Spent some time working this afternoon in the Emory Lee papers, a great collection of Asian American materials from the past 30 years donated to the Stanford library by an alum. Lee seems to have collected copies of every ephemeral journal, report, flyer, and newsletter published by Asian Americans since 1970. The materials haven't been fully cataloged and so are lying around in huge boxes relatively unsorted, so going through them is a bit of a treasure hunt.
I'm basically opening up journals and newspapers from the 1970s and scouring them for poems, trying to get a better sense of what Asian American poetry looked like in the earliest days of the Asian American movement. While that category may have ossified somewhat today, things were a lot more fluid in the 1970s; very few of the Asian American poets we read today were writing then, and the poets who were writing are pretty much unknown today (Janice Mirikitani and Lawson Fusao Inada are among the few exceptions).
It's a lot of drudgery, but the occasional gems make it worth it. I found a remarkable, anonymous poem in a 1978 anthology from a Chinatown youth program, which seems to have drawn heavily on interviews with older Chinese Americans. Here's an excerpt:
my mother told me dragon
is Chinese spirits and dragon is
gold and every New Year they have
a big long gold dragon
dancing on the streets of Chinatown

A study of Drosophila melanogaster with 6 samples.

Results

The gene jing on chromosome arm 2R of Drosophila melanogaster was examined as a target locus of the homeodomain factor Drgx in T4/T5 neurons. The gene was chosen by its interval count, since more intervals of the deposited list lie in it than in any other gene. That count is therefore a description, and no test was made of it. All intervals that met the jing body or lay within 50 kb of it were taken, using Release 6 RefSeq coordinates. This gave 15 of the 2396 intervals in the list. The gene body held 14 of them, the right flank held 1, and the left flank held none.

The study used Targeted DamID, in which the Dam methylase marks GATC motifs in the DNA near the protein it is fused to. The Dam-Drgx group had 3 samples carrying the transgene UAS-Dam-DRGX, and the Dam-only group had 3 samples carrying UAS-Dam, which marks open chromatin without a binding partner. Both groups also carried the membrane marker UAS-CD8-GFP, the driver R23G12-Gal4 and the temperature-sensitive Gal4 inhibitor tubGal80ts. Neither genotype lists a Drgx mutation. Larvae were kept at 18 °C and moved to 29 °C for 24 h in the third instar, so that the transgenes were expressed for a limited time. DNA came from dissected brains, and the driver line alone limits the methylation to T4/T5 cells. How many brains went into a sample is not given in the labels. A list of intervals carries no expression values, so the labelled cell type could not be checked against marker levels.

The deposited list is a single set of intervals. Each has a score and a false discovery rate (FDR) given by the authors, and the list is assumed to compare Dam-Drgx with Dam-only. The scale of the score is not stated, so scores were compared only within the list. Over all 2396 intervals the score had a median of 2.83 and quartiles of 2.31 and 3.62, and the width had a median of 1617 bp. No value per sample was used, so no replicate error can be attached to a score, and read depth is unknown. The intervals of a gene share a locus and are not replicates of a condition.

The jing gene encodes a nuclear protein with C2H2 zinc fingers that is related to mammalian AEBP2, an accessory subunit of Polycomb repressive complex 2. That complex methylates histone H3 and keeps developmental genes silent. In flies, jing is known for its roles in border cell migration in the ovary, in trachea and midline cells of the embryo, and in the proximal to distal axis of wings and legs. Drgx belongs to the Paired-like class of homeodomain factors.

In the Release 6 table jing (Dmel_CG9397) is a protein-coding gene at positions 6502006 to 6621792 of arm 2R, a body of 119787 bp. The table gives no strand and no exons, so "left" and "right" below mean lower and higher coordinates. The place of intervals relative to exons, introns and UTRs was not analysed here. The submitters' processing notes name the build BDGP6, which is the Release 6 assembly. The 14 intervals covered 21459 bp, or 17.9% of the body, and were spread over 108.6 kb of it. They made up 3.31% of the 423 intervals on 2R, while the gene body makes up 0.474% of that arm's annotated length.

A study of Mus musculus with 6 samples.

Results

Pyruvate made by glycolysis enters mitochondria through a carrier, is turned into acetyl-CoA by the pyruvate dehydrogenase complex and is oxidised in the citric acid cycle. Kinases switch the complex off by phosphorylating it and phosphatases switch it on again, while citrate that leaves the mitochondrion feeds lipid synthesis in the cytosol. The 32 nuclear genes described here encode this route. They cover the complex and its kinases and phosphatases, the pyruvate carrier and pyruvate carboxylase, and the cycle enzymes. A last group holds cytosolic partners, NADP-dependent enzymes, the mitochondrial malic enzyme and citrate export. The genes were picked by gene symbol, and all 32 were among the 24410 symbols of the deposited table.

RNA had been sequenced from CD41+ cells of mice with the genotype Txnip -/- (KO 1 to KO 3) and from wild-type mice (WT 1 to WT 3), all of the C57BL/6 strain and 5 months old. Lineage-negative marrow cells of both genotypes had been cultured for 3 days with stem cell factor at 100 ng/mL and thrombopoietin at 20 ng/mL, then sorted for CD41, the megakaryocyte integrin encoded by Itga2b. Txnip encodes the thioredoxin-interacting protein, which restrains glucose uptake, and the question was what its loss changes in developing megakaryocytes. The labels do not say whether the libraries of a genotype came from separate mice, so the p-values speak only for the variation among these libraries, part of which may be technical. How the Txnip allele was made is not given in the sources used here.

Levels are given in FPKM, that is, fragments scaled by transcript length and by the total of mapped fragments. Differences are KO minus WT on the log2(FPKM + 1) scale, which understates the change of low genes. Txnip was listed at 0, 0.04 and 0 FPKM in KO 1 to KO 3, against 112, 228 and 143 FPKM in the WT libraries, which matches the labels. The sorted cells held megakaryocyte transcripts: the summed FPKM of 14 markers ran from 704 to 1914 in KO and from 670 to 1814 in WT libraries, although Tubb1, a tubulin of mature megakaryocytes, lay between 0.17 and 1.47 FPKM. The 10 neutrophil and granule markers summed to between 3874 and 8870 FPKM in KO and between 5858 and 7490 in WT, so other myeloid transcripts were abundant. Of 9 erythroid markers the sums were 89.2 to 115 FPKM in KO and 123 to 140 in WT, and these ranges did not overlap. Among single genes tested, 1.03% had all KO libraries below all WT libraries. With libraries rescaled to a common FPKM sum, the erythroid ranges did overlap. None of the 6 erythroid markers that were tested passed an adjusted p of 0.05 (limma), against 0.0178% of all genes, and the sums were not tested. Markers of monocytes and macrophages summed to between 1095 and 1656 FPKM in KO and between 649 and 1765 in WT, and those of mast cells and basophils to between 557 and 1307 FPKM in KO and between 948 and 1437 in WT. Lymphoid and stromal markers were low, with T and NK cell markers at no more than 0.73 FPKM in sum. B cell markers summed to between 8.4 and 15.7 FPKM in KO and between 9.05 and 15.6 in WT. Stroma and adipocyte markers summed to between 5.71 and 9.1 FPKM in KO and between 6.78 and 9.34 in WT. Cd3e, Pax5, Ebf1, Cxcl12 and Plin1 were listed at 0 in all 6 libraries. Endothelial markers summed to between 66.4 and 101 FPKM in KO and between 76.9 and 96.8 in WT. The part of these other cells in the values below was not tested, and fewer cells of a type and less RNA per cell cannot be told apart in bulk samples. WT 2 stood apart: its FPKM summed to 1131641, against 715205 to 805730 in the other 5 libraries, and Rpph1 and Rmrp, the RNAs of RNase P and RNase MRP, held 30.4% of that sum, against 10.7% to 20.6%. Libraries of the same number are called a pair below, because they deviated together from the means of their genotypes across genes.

and the dragon is running around at
the street and I like to watch
when the dragon is dancing on the
street and they have a lot of
people under the dragon
to make the dragon dancing so
the dragon don’t stop on the
street and they have some stick under
the dragon and make the dragon
dancing and only Chinese New Year
they have dragon dancing so the
dragon belong to the Chinese and every
New Year Chinese have a new spirits
to every Chinese people because
the dragon is belong to our Chinese
people dragon is like Chinese they
have spirits to the people
It's hard to say why this really gets to me; if it weren't a poem, it might well be a relatively undistinguished snippet of oral history. But broken up the way it is, it's close enough to reported speech to have the vitality of a genuine voice, while just far enough from speech to be estranging and weird. It's a great approach to one problem of writing about Asian Americans, which is how to portray the distinctive speech patterns of, say, a Chinese immigrant without parody or condescension. The speech seems to be given pretty much straight--and without comic exaggeration, as even Asian American writers are wont to do--and the grammatical structures are consistent throughout. And the limited, repeated material isn't really repeated at all--there's subtle shifting going on, as from "the dragon belong to the Chinese" to "the dragon belong to *our* Chinese," which is a tremendously simple but powerful localizing of identity.
But the line breaks may be the best--they are so unnatural, so counter to the rhythms of speech, that they force our attention to the language, how crafted and brilliant it is in its divergence from "correct" English grammar; what might have seemed naive becomes utterly lived and knowing.